Lesson 6: A Humanitarian at the Temple

Go Deeper

Study Guide Pages 42-51

More Key Bible Verses

Read Hebrews 9:1-10:23.

The writer of Hebrews describes the once for all sacrifice that Jesus made for all humanity.

Read and study the following quotes from “A Humanitarian at the Temple” chapter 6 of God—The Ultimate Humanitarian.

Because God created us, he knows that we are “visual learners.” In vivid ways, God showed us how he dealt with sin and reconciled man to himself.

That Jesus’ death paid for all sin is something God gave dramatic proof of. At the moment of Jesus’ death “the curtain of the temple was torn in two” (Luke 23:44). This curtain or veil had closed off the Holy of Holies for centuries. It had vividly symbolized that sin separates humanity from God. God now suddenly rips it wide open. He destroyed it because Jesus, by paying for the world’s sin with his death, had reconciled God and mankind. “God was reconciling the world to himself in Christ, not counting people’s sins against them” (2 Corinthians 5:19).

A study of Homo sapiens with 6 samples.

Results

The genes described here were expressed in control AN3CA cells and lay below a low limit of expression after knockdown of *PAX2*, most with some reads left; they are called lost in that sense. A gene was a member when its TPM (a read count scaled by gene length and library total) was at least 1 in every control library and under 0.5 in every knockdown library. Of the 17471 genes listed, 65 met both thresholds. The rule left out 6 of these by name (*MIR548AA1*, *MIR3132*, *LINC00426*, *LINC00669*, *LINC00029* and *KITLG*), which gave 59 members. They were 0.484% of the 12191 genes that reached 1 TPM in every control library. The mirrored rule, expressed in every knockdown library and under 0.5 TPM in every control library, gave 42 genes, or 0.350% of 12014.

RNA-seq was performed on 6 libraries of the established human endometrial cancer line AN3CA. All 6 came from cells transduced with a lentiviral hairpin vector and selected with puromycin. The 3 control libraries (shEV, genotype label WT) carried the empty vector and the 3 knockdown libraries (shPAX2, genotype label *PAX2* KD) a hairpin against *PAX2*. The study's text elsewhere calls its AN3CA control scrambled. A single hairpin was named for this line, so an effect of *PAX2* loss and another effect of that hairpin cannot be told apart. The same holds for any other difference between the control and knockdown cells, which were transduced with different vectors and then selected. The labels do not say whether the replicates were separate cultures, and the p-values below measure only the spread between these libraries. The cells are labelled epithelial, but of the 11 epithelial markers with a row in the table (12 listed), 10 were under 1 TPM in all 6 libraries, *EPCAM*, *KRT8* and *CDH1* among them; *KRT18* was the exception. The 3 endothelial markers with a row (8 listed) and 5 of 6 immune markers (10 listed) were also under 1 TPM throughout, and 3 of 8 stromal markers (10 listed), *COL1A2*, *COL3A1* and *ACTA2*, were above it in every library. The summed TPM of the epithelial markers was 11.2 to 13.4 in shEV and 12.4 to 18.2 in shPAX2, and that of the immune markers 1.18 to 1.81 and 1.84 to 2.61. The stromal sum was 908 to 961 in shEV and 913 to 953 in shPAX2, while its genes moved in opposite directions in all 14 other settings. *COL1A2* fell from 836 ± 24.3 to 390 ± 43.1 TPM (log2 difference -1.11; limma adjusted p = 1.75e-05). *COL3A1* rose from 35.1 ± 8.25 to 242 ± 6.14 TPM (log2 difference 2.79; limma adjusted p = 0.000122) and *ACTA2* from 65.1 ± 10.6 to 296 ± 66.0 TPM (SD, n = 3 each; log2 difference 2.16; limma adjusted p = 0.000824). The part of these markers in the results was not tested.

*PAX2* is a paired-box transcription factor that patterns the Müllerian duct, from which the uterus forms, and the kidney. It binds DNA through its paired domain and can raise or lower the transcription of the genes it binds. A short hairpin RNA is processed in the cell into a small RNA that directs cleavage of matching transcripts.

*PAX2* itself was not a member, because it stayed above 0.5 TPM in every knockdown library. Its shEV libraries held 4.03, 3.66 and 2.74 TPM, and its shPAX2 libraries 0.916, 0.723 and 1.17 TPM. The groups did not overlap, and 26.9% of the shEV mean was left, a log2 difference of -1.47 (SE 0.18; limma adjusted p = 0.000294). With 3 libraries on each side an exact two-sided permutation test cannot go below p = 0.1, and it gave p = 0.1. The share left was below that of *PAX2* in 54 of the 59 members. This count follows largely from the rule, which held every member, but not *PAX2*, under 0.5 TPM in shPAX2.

God—The Ultimate Humanitarian, 42

The temple, with its structures and sacrifices, not only emphasized what man could not do to make himself right with God, but it also highlighted what God DID FOR US to make us right with him.

God designed the temple as his great classroom. Its structure stressed that sin separates mankind from God. Its sacrifices portrayed the principle of substitutionary sacrifice and pointed to Jesus who sacrificed himself for the world. The temple was not about people working for God. It was all about showing what God, the ultimate humanitarian, would do for humanity in Jesus Christ.

God—The Ultimate Humanitarian, 43

More Questions to Consider

  1. In what ways did the temple and sacrificial system emphasize God’s justice?
  2. In what ways did the temple and sacrificial system emphasize God’s love?
  3. What does it mean to be reconciled to God? ( see 2 Corinthians 5:19) What are the implications of this?
  4. What do Hebrews chapters 9 and 10 tell us about the role of the temple in the past and the present?